Attention deficit hyperactivity disorder (ADHD) is a neurodevelopmental disorder which affects around 2% of the world’s population. You can always contact us at Ludlow Pediatrics, Ludlow, MA, Robert J. Willis, MD, FAAP for more information on ADHD. Attention deficit/hyperactivity disorder is when a person experiences difficulties with maintaining attention or controlling physical energy and movement. There are three different forms of ADHD: Predominantly Inattentive ADHD, Predominantly Hyperactive/Impulsive ADHD, and Combined ADHD.
Inattentive ADHD is diagnosed when a person shows difficulty focusing on tasks and activities, and appears to not be listening. It can include difficulty managing time, avoiding tasks that require prolonged focus and thought, and/or difficulty following instructions.
Hyperactive-impulsive ADHD is diagnosed when a person seems unable to remain still. This can include a desire for inappropriate running or climbing, persistent fidgeting, tapping hands and feet, excessive talking, difficulty playing or engaging in activities without creating excessive noise and attention, and defiance in waiting for their turn.
Combined ADHD shows characteristics from both Inattentive and Hyperactive-Impulsive ADHD disorders.
ADHD is mostly diagnosed prior to age 12. However, diagnosis can be reached in adolescence or early adulthood. Some cases of ADHD can be misinterpreted. Women are more likely to experience inattentive ADHD, while males often have hyperactive or disruptive symptoms. More men are diagnosed with ADHD overall.
ADHD has been linked to anxiety, depression, learning disabilities, and sleep disorders. Symptoms can appear as early as 3 years of age.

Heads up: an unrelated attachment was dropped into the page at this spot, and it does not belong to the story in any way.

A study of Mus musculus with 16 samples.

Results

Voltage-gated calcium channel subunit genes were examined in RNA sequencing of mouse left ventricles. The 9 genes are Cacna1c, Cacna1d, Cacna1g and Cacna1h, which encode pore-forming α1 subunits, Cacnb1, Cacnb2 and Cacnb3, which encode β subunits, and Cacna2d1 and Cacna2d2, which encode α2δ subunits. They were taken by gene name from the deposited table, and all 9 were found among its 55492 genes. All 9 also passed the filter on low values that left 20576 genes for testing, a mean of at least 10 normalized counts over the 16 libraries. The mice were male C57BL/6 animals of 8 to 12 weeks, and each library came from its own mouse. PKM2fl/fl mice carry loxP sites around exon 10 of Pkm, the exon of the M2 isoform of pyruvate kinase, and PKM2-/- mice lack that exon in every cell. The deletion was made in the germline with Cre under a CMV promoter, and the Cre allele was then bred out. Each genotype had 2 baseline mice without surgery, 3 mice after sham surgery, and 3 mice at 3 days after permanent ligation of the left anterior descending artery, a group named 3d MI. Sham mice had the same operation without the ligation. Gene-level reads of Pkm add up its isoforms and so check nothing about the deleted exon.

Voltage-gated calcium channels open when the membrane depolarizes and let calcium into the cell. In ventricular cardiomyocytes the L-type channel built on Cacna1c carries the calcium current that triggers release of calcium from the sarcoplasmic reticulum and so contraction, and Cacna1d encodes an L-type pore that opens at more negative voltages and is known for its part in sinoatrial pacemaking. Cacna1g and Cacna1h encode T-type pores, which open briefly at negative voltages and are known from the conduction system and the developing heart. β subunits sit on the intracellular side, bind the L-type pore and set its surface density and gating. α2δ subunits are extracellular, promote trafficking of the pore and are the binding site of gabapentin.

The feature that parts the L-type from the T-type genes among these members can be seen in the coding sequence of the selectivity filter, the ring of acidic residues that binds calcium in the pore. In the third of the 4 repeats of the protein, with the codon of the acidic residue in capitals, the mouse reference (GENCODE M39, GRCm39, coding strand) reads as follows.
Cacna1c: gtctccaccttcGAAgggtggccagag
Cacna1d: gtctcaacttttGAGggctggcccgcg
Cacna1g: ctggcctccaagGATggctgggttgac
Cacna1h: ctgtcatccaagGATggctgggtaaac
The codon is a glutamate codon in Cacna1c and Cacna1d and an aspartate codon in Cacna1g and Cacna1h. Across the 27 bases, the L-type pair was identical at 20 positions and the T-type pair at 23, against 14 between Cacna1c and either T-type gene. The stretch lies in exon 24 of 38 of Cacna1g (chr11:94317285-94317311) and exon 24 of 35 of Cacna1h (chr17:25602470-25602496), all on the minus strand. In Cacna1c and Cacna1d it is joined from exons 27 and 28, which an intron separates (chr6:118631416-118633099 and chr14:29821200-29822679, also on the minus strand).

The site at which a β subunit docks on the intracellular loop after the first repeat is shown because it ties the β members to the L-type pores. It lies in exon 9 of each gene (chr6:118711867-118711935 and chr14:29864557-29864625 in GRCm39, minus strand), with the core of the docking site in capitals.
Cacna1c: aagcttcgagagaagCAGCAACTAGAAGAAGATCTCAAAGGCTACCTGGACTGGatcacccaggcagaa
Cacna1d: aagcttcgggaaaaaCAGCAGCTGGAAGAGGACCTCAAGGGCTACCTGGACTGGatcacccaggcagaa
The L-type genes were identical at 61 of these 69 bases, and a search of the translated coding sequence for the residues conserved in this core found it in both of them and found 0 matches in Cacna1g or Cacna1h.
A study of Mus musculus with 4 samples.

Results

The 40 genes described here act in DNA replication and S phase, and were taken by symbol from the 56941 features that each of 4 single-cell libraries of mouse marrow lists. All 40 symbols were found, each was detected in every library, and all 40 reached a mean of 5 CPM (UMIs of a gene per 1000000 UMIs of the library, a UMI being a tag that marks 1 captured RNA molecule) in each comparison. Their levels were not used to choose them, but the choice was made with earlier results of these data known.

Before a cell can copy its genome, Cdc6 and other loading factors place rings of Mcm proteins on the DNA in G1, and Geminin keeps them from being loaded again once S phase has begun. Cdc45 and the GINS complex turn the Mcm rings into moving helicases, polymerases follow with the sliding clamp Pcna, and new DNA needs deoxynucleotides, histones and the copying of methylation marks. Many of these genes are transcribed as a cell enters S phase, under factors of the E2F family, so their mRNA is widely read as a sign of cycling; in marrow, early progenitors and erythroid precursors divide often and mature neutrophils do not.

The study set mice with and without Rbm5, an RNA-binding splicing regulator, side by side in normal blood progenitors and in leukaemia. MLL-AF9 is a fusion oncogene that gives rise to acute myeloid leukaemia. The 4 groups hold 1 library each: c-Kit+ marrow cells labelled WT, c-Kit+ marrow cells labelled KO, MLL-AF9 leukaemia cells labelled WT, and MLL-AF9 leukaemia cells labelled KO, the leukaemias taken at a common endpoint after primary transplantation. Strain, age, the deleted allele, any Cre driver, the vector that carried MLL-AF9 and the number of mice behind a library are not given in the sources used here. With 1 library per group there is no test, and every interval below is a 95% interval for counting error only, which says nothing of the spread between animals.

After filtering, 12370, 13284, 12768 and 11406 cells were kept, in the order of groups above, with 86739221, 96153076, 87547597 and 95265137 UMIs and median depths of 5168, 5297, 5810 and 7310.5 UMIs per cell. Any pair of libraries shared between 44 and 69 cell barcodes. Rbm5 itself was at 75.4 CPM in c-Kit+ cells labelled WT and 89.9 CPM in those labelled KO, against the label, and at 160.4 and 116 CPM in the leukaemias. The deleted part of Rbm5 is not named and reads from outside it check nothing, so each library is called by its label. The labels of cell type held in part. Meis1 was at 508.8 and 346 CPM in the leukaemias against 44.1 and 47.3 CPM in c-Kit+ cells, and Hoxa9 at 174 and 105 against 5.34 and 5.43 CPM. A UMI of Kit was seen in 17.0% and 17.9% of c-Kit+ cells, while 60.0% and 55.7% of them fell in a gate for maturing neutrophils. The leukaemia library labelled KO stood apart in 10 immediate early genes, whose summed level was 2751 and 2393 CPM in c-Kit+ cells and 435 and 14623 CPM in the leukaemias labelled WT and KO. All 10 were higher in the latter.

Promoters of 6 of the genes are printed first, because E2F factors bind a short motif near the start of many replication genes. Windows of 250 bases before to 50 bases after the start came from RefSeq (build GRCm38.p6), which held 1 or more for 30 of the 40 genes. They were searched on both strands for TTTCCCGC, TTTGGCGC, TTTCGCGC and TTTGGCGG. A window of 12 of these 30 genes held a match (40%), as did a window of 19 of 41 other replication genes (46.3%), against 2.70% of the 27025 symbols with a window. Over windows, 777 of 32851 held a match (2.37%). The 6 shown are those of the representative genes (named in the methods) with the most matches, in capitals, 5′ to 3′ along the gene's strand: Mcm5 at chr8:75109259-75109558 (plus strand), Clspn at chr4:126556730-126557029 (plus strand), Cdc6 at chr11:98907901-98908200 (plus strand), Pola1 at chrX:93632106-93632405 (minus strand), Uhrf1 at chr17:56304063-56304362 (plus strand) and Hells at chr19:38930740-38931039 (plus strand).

ADHD is diagnosed by a pediatrician, psychologist, or a psychiatrist. In order to reach a diagnosis, medical professionals must confirm that the severity of the disorder is directly affecting the person’s social and emotional functions, and determine that the symptoms are long-lasting and affect their mental development.
There is no cure for ADHD, But there are several treatments that can reduce the symptoms. Treatments include psychotherapy, education, medication, and a combination of several treatments. It’s important for all clinicians involved in the person’s medical care to be aware of the diagnosis and treatment.
Stimulant medication can be initially prescribed at a low dose. Medical professionals will determine if the medicine and the dosage is appropriate. If not, changes to the medication’s frequency and dosage can be made.
Behavioral therapy involves working with a therapist to improve social skills. For younger children, parents will be trained in the treatment plan and shown ways to respond to difficult ADHD symptoms. School administrators and support staff should also be involved.
Children who are diagnosed with ADHD don’t wean off the symptoms over time. Constant treatment and support are necessary throughout the person’s life in order to comfort and conform to a healthier development. ADHD is mostly diagnosed prior to the age of 12. Research has identified that causes of ADHD can be attributed to genetic and environmental factors. Environmental factors may include cigarette smoking, alcohol use, drug use during pregnancy, exposure to environmental toxins, low birth weight, premature birth, and/or traumatic brain injuries.